Discussion in 'Adults with Type 2' started by Ellen, May 31, 2011.

  1. Ellen

    Ellen Senior Member

    Joined:
    Oct 22, 2005
    Messages:
    8,240
  2. jims

    jims Approved members

    Joined:
    Feb 10, 2011
    Messages:

    As a 30 year plus type 2 who has been doing it wrong for the first 26 of 30 years and now getting monster arrested/under control I find the usual description about insulin resistance a ? a rear end story leaving out the other part of the story that creates this mess.

    Insulin is a hormone that enables storage of glucose from the blood glucose system to the liver, fat cells, and skeletal muscle cells and the present story assumes that these storage sites simply take on the extra glucose at all times just by throwing insulin at it and ignoring the issue that those sites have finite storage capability.

    The critical part of the story glossed over is that these storage sites can and do have the ability to turn off response to insulin in the blood stream to prevent the local storage sites/cells from being over loaded and poisoned on glucose. At this point, this would be described as insulin resistance.
    Current stories peddled is that one simply adds more insulin, Avandia, actos to force more glucose into the cells. I believe this is a very serious mistake and error.

    Stopping the problem actually involves getting the glucose of the local storage sites of the liver, fat cells and skeletal muscle cells off loaded and reduced. Only hearty exercise can do that.

    Looking at insulin resistance this way also explains why low glycemic ? low carb diets that control energy input to body is needed to ensure the energy is balanced to the actual energy burn of body and that the local storage sites do not get filled up.

    Control of Blood glucose levels works on a storage based approach whereby there is supposed to be always room to store glucose in local sites means that when pancreas releases insulin, the glucose will be stored.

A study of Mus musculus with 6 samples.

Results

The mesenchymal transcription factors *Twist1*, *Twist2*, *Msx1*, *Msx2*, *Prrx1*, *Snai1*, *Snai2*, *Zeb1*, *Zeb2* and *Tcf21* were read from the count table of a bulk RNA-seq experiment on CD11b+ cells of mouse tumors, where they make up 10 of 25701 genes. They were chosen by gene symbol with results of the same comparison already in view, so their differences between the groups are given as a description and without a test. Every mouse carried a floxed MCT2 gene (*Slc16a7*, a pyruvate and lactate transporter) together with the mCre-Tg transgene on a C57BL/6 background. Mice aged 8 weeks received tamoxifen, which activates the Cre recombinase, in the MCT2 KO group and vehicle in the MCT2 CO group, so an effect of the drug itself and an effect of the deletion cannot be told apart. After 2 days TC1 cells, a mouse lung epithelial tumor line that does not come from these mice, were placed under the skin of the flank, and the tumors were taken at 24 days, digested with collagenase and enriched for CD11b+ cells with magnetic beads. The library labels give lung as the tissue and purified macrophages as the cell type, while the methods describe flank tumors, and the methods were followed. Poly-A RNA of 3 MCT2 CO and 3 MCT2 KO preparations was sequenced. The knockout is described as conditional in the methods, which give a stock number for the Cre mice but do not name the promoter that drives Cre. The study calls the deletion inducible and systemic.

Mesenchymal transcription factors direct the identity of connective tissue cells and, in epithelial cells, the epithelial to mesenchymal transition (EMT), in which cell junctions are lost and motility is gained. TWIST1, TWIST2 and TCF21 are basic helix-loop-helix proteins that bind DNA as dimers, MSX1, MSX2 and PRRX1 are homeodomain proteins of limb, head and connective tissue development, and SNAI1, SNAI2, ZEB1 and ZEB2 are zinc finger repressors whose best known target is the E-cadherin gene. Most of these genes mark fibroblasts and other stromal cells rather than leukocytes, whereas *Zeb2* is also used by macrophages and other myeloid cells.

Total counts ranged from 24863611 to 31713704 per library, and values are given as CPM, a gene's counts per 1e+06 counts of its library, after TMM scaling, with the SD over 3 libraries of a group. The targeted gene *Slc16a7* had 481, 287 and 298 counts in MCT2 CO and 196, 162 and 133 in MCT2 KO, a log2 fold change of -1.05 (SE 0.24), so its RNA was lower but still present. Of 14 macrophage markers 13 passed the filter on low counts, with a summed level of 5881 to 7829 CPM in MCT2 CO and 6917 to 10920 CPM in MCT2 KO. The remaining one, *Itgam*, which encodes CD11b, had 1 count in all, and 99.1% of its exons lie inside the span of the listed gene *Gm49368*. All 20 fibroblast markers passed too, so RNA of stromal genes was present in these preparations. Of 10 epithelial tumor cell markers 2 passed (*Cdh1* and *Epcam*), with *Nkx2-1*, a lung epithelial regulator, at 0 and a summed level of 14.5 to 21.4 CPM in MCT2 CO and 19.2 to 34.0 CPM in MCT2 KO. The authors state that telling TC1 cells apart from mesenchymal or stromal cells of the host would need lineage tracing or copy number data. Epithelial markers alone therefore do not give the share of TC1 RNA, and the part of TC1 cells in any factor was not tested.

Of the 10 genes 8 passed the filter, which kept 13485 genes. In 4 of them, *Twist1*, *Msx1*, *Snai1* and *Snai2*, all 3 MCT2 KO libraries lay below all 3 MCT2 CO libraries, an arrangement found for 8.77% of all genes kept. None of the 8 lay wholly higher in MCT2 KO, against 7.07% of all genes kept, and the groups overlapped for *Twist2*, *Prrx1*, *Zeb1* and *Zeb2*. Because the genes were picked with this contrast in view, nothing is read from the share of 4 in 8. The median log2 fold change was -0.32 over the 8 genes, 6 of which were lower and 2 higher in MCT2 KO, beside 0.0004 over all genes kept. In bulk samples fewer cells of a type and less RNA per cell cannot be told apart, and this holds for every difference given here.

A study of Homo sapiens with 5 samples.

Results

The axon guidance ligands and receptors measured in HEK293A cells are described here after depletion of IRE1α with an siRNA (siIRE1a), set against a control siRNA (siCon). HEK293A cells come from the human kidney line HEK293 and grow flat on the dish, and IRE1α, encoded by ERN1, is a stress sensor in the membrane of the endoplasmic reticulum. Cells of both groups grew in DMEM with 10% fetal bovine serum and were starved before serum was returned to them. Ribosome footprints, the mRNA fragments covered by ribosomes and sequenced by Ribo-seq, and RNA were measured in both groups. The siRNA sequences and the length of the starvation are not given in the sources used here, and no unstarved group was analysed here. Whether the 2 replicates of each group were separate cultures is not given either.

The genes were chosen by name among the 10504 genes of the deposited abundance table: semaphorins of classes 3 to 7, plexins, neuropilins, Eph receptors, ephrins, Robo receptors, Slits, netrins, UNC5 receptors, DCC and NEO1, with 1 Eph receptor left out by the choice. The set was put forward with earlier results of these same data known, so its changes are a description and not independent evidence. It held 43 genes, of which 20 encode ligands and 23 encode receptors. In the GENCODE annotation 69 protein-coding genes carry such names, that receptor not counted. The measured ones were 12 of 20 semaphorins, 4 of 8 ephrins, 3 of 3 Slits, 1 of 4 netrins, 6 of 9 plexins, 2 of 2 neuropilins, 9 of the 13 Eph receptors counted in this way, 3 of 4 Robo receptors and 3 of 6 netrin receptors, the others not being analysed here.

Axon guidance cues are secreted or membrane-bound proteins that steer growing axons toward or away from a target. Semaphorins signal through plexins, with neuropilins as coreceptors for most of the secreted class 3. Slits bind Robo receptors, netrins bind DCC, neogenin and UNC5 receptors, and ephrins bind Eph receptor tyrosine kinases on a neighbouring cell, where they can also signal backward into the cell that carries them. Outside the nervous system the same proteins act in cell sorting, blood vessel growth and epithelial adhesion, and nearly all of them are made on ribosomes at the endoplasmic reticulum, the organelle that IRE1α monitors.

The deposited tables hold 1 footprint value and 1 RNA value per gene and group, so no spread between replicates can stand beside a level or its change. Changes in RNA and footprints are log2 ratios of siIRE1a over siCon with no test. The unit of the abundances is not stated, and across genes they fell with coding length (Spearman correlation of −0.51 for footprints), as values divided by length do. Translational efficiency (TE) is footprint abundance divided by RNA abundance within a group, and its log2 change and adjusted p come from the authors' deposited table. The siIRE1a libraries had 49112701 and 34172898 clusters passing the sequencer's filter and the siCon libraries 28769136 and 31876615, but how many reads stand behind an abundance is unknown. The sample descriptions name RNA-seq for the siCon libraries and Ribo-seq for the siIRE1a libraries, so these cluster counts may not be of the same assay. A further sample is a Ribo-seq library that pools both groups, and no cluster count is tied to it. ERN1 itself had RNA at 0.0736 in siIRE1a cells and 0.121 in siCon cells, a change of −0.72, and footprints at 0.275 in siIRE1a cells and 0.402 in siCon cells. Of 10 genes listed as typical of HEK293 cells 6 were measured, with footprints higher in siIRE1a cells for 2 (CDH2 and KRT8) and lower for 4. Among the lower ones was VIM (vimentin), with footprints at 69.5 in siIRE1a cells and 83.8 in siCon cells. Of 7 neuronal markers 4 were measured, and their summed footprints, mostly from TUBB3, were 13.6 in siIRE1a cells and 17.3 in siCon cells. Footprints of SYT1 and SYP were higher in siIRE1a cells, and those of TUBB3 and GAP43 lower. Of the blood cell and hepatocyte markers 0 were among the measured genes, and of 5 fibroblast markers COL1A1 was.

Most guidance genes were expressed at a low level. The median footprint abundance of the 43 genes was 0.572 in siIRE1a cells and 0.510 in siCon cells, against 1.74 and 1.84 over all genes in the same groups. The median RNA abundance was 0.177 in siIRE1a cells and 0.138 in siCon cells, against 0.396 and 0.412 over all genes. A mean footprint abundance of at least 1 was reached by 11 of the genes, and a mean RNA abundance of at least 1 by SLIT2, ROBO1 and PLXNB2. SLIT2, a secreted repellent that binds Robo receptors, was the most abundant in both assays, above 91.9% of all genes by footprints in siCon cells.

From my direct experience getting my mess under controll required the following:
    a) Stopping excess glucose release and incorrect release when liver should be fasting using metformin in proper doses and timing.
    b) Using CGMS to watch BG and stop it going under 100 to stop liver glucose add services that saw liver over dump and release full liver load shooting BG up to 511/hi and slide back to 278-311.
    c) Insulin levels had no impact on liver bad behavior.
    d) 1200 calorie daily diet and careful carb control.
    e) 2 miles walking each day

    Previously, I was on actos, 26 units of 75/25 humalog insulin in morning, starlix pills and metformin.
    At that time my A1C was 13.3, my morning BG was 238 and 330 lbs ? couldn?t lose an ounce.

    Today, my A1c is 6.4 and average BG runs 140 to 155 and my health problems stopped as I was dying at the previous time and my kidneys started to fail.

    Today , I am on metformin doses and 3 to 4 units of Humalog lispro Insulin in am to help stop rampage of liver as metformin dose from 12:00am midnight wears off. My weight has dropped to 250 lbs and am still working.

    Amazingly after 26 years on the dam insulin pills, Insulin was not the key factor, my pancreas is back working and liver arrested on metformin. I would have to say the metformin is the key player here. My pancreas has recovered while my liver?s behavior except as modified by metformin has not changed an iota over the last 4 years while the improvements occurred.